The Connecticut Airport Authority Focuses on Building the Structure for Success


The legislation creating the Connecticut Airport Authority (CAA) was signed into law last summer with the goal of transforming Bradley International and the state’s five general aviation airports into vibrant economic drivers for the state. The law was just the first step of many to unlocking the full potential of the state’s airports.

Since October 2011, when the CAA Board had its inaugural meeting, Board members have been diligently working to build a structure to ensure it can contribute to Connecticut’s overall economical development and growth strategy.

“As a quasi-public agency, the CAA Board has the independence and flexibility to be responsive to the airport’s stakeholders as well as economic opportunities for the airports. Our goal is to make Connecticut’s airports, especially Bradley International Airport, more attractive to passengers, cargo operators, airlines and others so that we can  bring in more flights, more routes and more businesses,” said CAA Chairwoman Mary Ellen Jones.  “We’ve been actively engaged with airlines, airport concession operators and business and community groups to achieve this objective.”

The CAA Board is working to transition responsibility for the airports from the state to the CAA and recently hired legal counsel to help navigate the complex legal agreements necessary to achieve this.  Attorneys from the selected firm, Pullman & Comley, laid out the transition plan at a Board meeting on March 15 and are now working with the Board to implement it.
The Board is also in the process of searching for and hiring a full-time Executive Director dedicated to achieving the CAA’s mission of making the airports in Connecticut key economic drivers for the state.

Another key priority for the CAA is enhancing the airports’ marketing reach so more people, businesses and communities recognize the numerous benefits of Bradley International Airport.

“I travel frequently for my job so I know a good airport when I see it,” said Jones. “Bradley International Airport is one of the good ones. It has a lot to offer – it’s centrally located and convenient to access, and it’s a nice size, making it easy to maneuver. It also has a stellar list of airlines and a growing bank of retail and food concessions.”

To bring dedicated focus to this priority, the CAA hired Dan Carstens, former publisher of The Airport News and Bradley International Cargo Guide, as a Marketing and Business Development Consultant in February.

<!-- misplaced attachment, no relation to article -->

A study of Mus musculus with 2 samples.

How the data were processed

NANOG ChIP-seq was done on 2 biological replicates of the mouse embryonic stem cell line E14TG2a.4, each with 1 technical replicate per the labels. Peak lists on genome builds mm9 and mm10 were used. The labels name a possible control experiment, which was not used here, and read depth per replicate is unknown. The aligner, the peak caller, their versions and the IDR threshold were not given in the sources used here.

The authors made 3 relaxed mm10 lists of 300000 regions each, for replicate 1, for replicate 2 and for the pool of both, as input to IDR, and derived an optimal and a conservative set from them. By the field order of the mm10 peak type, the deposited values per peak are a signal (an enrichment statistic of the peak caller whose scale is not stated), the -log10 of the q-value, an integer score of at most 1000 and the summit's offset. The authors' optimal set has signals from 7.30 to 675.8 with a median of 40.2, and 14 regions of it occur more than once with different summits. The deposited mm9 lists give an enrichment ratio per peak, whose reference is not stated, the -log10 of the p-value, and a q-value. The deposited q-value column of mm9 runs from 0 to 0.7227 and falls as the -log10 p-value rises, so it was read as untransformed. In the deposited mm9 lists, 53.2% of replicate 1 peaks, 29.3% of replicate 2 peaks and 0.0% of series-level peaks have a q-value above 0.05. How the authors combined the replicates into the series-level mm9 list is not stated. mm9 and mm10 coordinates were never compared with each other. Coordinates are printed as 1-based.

“Dan has a lot of experience working in the airport industry and has an understanding for what the airports need, as well as the requirements of our key stakeholders,” said Mike Long, Chair of the CAA Board’s Personnel Committee. “He is already very active and well known in the airport community.”

“I have always strived to be part of the efforts to maximize Connecticut’s airports, especially Bradley,” said Carstens. “I’m honored and excited to partner with the CAA Board to bring in new businesses and flights, and help foster Connecticut’s economic development.”

Carstens will assist in expanding marketing capabilities and helping identify new routes and enhancements for Bradley International Airport and the state’s general aviation airports. This includes helping determine the feasibility of new domestic and international service. The CAA has received a lot of interest in the return of transatlantic service from Bradley International Airport, a prospect that requires the right combination of passenger volume and economic conditions to bring about.
In response to customer feedback, Bradley International Airport recently opened one new restaurant, Cask & Barrel Bistro, before the TSA security checkpoints, and two others, Traveltini and D’Angelo Grilled Sandwiches, after the checkpoints.
In February, the CAA and a team at Bradley International Airport conducted a survey at the airport to solicit customer feedback. The overall results of the survey were very positive with many people highlighting the convenient size, ease of using the airport, as well as the friendliness of the staff.  Opportunities identified by the survey include passenger interest in more dining and retail options.

“We are working closely with area businesses to highlight the benefits of the state’s airports and solicit their input on travel patterns and needs, as well as suggestions on how we can better service our key customers,” said Karen Jarmoc, Chair of the CAA Board’s Outreach Committee.

Jarmoc notes that one of the key benefits of Bradley International Airport as well as the surrounding communities is the Bradley Airport Development Zone. The Bradley Development League, the MetroHartford Alliance and key state legislators championed the creation of the Bradley Airport Development Zone to help drive economic growth in the communities surrounding the airport. The zone establishes tax incentives for manufacturers and certain related businesses that build or substantially renovate facilities in the area and create new jobs. The CAA is working with the Bradley Development League to help attract new businesses to the four towns – East Granby, Suffield, Windsor and Windsor Locks – that make up the zone.

“We are so pleased with the tremendous support we are getting from many important stakeholders, including the Governor’s Office, the Department of Transportation, the Department of Economic and Community Development, the Treasurer’s Office, MetroHarford Alliance, and from all our important partners who work with us in the airports,” said CAA Chairwoman Jones. “Working together, we will propel Bradley Airport and the state’s general aviation airports to the next level.”